When a presidential pet project becomes a buzzword, does that buzz translate into action?
Last year's State of the Union buzzword -- "switch grass" -- had just about all of us scratching our heads.
"We'll also fund additional research in cutting-edge methods of reducing ethanol, not just from corn but wood chips and stalks, or switch grass," Bush said during last year's speech.
The goofy-sounding catchphrase tickled America's funnybone as a word and a concept, inducing giggles and dutifully making the rounds on Comedy Central and the late night talk circuit.
But the president insisted he was serious about switch grass.
At a speech in Minnesota days following last year's State of the Union, he talked about making "ethanol out of switch grass".
A few days after that he talked about "research that will enable us to drive cars by using switch grass, " Bush said.
On February 21, 2006 in Golden, Colorado Bush imagined "people in the desert being able to grow switch grasses that they can then convert into energy".
And during energy remarks last May in Pottstown, Pa., "Somebody said, 'what is switch grass?' I said, 'Well, it's a grass that looks like a switch that grows in dry country.' "
The President called on scientists to make fuel out of switch grass -- and make it be cheaper than gasoline by 2012. His goal is to see cellulosic ethanol -- in other words, fuel made from natural materials like switch grass -- provide 30% of our transportation fuels by the year 2030.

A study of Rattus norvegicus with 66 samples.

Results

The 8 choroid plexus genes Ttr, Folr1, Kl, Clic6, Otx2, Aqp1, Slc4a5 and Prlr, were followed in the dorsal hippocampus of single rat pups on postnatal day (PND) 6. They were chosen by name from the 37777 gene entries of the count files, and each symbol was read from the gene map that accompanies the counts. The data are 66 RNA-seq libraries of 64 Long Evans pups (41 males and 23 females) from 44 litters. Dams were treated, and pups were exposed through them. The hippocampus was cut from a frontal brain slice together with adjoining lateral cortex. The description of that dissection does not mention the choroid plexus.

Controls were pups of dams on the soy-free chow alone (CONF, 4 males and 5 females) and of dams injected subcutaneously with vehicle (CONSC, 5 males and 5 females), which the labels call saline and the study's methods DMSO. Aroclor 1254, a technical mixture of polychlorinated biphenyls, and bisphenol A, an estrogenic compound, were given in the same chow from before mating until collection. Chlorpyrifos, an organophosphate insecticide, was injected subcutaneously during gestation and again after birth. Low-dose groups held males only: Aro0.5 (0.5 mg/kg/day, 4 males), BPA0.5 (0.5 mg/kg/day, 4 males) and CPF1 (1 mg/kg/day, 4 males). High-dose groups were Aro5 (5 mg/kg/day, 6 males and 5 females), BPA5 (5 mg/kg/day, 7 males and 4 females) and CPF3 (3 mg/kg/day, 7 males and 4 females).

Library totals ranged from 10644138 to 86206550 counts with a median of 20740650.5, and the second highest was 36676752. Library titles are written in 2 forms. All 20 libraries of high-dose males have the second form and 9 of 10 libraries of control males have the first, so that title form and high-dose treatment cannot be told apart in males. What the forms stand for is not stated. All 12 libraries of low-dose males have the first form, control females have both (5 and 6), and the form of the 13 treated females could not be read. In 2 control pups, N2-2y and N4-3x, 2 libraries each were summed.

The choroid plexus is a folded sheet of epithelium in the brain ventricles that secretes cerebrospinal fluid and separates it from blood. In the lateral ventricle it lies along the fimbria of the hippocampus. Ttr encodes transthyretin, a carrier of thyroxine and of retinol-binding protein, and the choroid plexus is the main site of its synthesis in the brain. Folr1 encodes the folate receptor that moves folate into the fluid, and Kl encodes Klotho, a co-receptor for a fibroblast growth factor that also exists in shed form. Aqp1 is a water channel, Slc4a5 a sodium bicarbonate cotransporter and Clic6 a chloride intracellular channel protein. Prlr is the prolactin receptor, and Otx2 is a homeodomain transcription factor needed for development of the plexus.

David Bransby, a professor of energy crops at Auburn University in Alabama, is the man behind the President's switch grass buzz. He planted a switch grass seed that made its way from rural Alabama to Washington, D.C., sprouting up during the president's speech on the floor of Congress. Bransby's been researching switch grass for decades, trying to find a way to capture the energy of the plant -- a native American species that once covered huge swaths of the Midwestern plains -- and convert into ecologically-friendly fuel.
His work caught the attention of Ala. Sen. Jeff Sessions, who has visited his lab, and the test plot of switch grass he has been growing for 18 years.
Staffers of Sessions say the Senator mentioned his excitement over the possibilities of switch grass during a meeting with a White House advisor in the days before last year's State of the Union address. The idea took root with the White House, and ended up in the speech, much to Bransby's surprise.
"I nearly fell off my chair when I heard it in my living room," said Bransby. "I was really surprised," he continued. "I thought renewable energy might be mentioned, but I was really surprised when he got as specific as switch grass."
Since that mention in the 2006, investment in switch grass has exploded, thanks in large part, experts say, to the president's speech. Venture capitalists have poured over $100 million dollars into private companies that are exploring the technology necessary to convert switch grass into fuel, and large, publicly-owned companies are also directing their research dollars into bio fuels.
The switch grass story underlines the power of the bully pulpit. But is the President's enthusiasm enough to convince America to make the change from gas to grass?